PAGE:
Home sales in the United States are at their highest level since 2009 and are set to remain high as the number of new properties coming on the market is limited, according to real estate agents. The latest data from the National Association of Realtors shows that completed transactions of existing homes rose 4.2% to a seasonally adjusted annual rate of 5.18 million last month which is 12.9% above a year ago.
Prices have been growing steadily with data showing that the national media existing home price for all housing types was $208,000 in May, up 15.4% from the same month last year, and the sixth straight month of double digit price growth. It is also the strongest price gain since October 2005, when a 16.6% jump was recorded from a year earlier. The last time there were 15 consecutive months of year on year price increases was from March 2005 to May 2006.
NAR chief economist Lawrence Yun believes that the real estate recovery is strengthening and he does not expect the housing supplies to increase this year. ‘The housing numbers are overwhelmingly positive. However, the number of available homes is unlikely to grow, despite a nice gain in May, unless new home construction ramps up quickly by an additional 50%,’ he explained. ‘The home price growth is too fast, and only additional supply from new home building can moderate future price growth,’ he added.
Total housing inventory at the end of May rose 3.3% to 2.22 million existing homes available for sale, which represents a 5.1 month supply at the current sales pace, down from 5.2 months in April. Listed inventory is 10.1% below a year ago, when there was a 6.5 month supply. Market conditions today are vastly different than during the housing boom, according to NAR president Gary Thomas. ‘The boom period was marked by easy credit and overbuilding, but today we have tight mortgage credit and widespread shortages of homes for sale,’ he pointed out.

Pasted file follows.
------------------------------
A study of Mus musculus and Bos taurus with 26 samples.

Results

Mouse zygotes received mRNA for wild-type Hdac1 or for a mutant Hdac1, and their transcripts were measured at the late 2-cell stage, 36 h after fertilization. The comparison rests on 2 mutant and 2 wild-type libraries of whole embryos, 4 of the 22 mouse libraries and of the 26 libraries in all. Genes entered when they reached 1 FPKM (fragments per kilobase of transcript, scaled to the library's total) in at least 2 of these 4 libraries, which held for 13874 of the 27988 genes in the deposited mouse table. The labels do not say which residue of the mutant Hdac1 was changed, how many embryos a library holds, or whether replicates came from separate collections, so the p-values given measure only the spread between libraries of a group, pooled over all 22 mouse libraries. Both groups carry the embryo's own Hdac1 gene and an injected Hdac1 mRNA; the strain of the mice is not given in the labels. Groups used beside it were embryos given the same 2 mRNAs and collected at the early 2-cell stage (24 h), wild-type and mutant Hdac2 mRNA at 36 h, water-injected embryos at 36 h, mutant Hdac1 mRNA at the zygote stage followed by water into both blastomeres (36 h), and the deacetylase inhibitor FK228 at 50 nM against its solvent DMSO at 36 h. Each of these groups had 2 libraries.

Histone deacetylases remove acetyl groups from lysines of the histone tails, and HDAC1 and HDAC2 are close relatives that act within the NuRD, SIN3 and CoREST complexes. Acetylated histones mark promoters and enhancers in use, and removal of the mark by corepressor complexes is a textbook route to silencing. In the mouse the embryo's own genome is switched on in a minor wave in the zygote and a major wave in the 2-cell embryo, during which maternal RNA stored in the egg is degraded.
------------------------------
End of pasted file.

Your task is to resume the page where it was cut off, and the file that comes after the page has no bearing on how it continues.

Quote from PropertyCommunity.com : “Residential real estate values in cities in the United States increased by 5.4% year on year last month, the second highest annual rate of national appreciation registered in the past 12 months.”
‘The issue now is pent up demand and strong growth in the number of households, with buyer traffic 29% above a year ago, coinciding with several years of inadequate housing construction. These conditions are contributing to sustainable price growth,’ he added.
The time it takes to sell a property is falling. The median time on market for all homes was 41 days in May, down from 46 days in April, and is 43% faster than the 72 days on market in May 2012. The NAR data shows that 45% of all homes sold in May were on the market for less than a month. The median time on the market is the shortest since monthly tracking began in May 2011. On an annual basis, a separate NAR survey of home buyers and sellers shows the shortest selling time was four weeks in both 2004 and 2005.
There is regional variation in both sales and prices. Existing home sales in the Northeast increased by 1.6% in May and are 8.3% above a year ago. The median price in the Northeast was $269,600, up 12.3% from a year ago. Existing home sales in the Midwest jumped 8% in May and are 16.3% higher than a year ago. The median price in the Midwest was $159,800, up 8.2% from May 2012. In the South, existing home sales rose 4% in May and are 16.1% above May 2012. The median price in the South was $183,300, which is 15% above a year ago. Existing home sales in the West increased 2.5% in May and are 7% above a year ago. With the tightest regional supply, the median price in the West was $276,400, up 19.9% from May 2012.